PUBLISHED: 11:27 28 March 2019 | UPDATED: 08:01 29 March 2019

East End's two neighbouring Labour MPs Jim Fitzpatrick and Rushanara Ali... split over some Brexit options. Picture: Mike Brooke

East End's two neighbouring Labour MPs Jim Fitzpatrick and Rushanara Ali... split over some Brexit options. Picture: Mike Brooke

Mike Brooke

The two Tower Hamlets MPs voting last night in the Big Brexit debate were sometimes together on the issues but sometimes split when all eight alternative options were defeated.

Petition to cancel Article 50 and keep Britain in the EU reaches unprecedented 5,000,000 signatures. Picture: Mike BrookePetition to cancel Article 50 and keep Britain in the EU reaches unprecedented 5,000,000 signatures. Picture: Mike Brooke

Both voted against ‘no deal’ Brexit, but were split on having another referendum.

Rushanara Ali, who represents the Bethnal Green and Bow constituency, voted to cancel Brexit and also to hold a second referendum on any terms of leaving.

Jim Fitzpatrick, in neighbouring Poplar and Limehouse, was against a second referendum and also remaining in a single market while seeking a temporary customs union.

Both voted against a ‘No-deal’ where we would quit the EU on April 12 without agreement, which was overwhelmingly lost.

But they were split on a second referendum and the ‘Common market’ option.

Jim is against a public referendum to confirm any withdrawal agreement, while Rusanara backs the idea.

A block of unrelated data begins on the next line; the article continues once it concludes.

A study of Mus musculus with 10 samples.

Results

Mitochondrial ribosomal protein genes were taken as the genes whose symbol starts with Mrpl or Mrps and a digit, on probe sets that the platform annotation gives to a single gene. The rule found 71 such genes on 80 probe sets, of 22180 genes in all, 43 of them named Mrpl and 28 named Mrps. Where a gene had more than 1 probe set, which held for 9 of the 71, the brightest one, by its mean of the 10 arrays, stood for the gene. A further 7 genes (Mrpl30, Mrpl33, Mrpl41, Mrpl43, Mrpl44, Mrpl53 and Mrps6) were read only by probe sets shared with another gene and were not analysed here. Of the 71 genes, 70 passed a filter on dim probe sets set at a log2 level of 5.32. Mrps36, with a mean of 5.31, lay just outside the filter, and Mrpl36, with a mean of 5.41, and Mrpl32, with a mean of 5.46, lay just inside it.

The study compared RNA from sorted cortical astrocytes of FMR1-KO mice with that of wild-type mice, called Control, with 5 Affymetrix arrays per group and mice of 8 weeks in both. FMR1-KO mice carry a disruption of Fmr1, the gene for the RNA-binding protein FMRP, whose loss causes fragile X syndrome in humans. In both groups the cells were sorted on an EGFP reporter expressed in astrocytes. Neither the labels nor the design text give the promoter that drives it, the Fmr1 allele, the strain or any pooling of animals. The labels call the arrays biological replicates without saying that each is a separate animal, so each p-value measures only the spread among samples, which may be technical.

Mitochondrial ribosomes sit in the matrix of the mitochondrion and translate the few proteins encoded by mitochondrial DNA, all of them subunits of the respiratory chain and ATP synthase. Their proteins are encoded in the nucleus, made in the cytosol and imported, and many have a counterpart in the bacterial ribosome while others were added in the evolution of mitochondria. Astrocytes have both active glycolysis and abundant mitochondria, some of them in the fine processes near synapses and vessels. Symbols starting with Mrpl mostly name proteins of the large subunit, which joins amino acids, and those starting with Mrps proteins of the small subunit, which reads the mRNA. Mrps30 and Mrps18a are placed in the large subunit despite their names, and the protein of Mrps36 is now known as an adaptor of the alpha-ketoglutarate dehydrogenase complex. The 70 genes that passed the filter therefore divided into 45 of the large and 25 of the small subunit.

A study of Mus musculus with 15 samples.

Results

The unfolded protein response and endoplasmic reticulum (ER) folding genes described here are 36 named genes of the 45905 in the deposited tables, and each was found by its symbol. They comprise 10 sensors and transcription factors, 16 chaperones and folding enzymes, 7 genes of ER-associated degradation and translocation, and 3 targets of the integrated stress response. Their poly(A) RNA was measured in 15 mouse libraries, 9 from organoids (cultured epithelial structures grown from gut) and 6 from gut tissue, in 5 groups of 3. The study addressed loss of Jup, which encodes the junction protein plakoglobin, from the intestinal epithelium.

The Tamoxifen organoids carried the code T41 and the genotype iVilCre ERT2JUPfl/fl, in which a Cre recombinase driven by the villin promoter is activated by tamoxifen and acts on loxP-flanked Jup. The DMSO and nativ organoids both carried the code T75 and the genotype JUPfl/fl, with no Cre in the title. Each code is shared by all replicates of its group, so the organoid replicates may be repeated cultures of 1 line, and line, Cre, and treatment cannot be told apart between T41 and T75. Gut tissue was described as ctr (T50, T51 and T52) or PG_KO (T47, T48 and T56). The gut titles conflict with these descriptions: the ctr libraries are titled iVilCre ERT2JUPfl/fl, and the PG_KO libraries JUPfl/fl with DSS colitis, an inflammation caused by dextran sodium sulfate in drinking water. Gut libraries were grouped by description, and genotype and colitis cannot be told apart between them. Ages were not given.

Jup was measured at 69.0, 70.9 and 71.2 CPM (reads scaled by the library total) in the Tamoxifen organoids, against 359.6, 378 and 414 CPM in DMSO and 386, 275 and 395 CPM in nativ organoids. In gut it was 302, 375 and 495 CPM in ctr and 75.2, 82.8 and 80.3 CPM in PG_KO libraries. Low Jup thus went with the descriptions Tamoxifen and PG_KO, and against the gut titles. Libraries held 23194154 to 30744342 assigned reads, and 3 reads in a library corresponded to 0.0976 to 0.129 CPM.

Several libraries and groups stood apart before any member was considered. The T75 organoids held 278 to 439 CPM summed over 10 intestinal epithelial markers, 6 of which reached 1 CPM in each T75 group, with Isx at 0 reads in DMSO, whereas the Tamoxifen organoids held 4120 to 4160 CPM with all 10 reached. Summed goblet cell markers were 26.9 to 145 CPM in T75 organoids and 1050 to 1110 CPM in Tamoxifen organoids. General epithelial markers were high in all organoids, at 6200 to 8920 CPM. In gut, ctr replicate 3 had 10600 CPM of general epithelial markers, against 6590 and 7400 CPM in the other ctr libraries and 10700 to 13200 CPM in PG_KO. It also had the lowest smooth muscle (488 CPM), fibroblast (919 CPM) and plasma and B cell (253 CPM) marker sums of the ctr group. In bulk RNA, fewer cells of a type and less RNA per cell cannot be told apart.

Jim also voted no to the ‘Common Market 2.0’ option to remain in a single market while seeking a temporary customs union, which Rushanara voted for.

Both were against the ‘EFTA’ option of the single market without forming a customs union, but they both backed a UK-wide customs union with the EU to include Northern Ireland as an integral part of the UK, which was narrowly lost by just eight votes.

They also voted for Labour’s alternative to negotiate changes to the withdrawal deal to include workers’ rights, a permanent customs union and close alignment to the single market, which was narrowly defeated.

Rushanara backed revoking Article 50 cancelling out Brexit altogether—an option which has attracted almost six million online signatures in the biggest ever public petition to Parliament. But Jim didn’t take part in this vote.

Both were against a ‘standstill’ arrangement for tariff-free trade for two years while Britain still contributes to the EU budget.

But all eight options one by one were rejected by the Commons.

“Something has to break the impasse,” Jim Fitzpatrick told the East London Advertiser. “But last night’s voting failed to do that. It failed to do the job people hoped.”

Now he wants to get the deal done quickly and is prepared to vote against his own Labour party policy in which Jeremy Corbyn has declared his MPs won’t back Theresa May’s deal.

“I’m against revoking Article 50,” Fitzpatrick confirmed. “I want the deal done and dusted and got out of the way—Parliament has spent too long on Brexit.”

But it isn’t over yet for MPs. The PM’s deal has been cut in half to return to the Commons tomorrow so that only the ‘withdrawal’ agreement is to be voted on for a third time. MPs will know by 5pm today (Thurs) if her amended version will be allowed.

Labour leader Corbyn has said the withdrawal agreement can’t be separated from the political declaration in May’s deal because we would be in a “blindfold Brexit”.

MPs have the chance if that deal fails to pass yet again to vote on the alternatives on Monday to find the option with the majority backing to solve the Brexit chaos.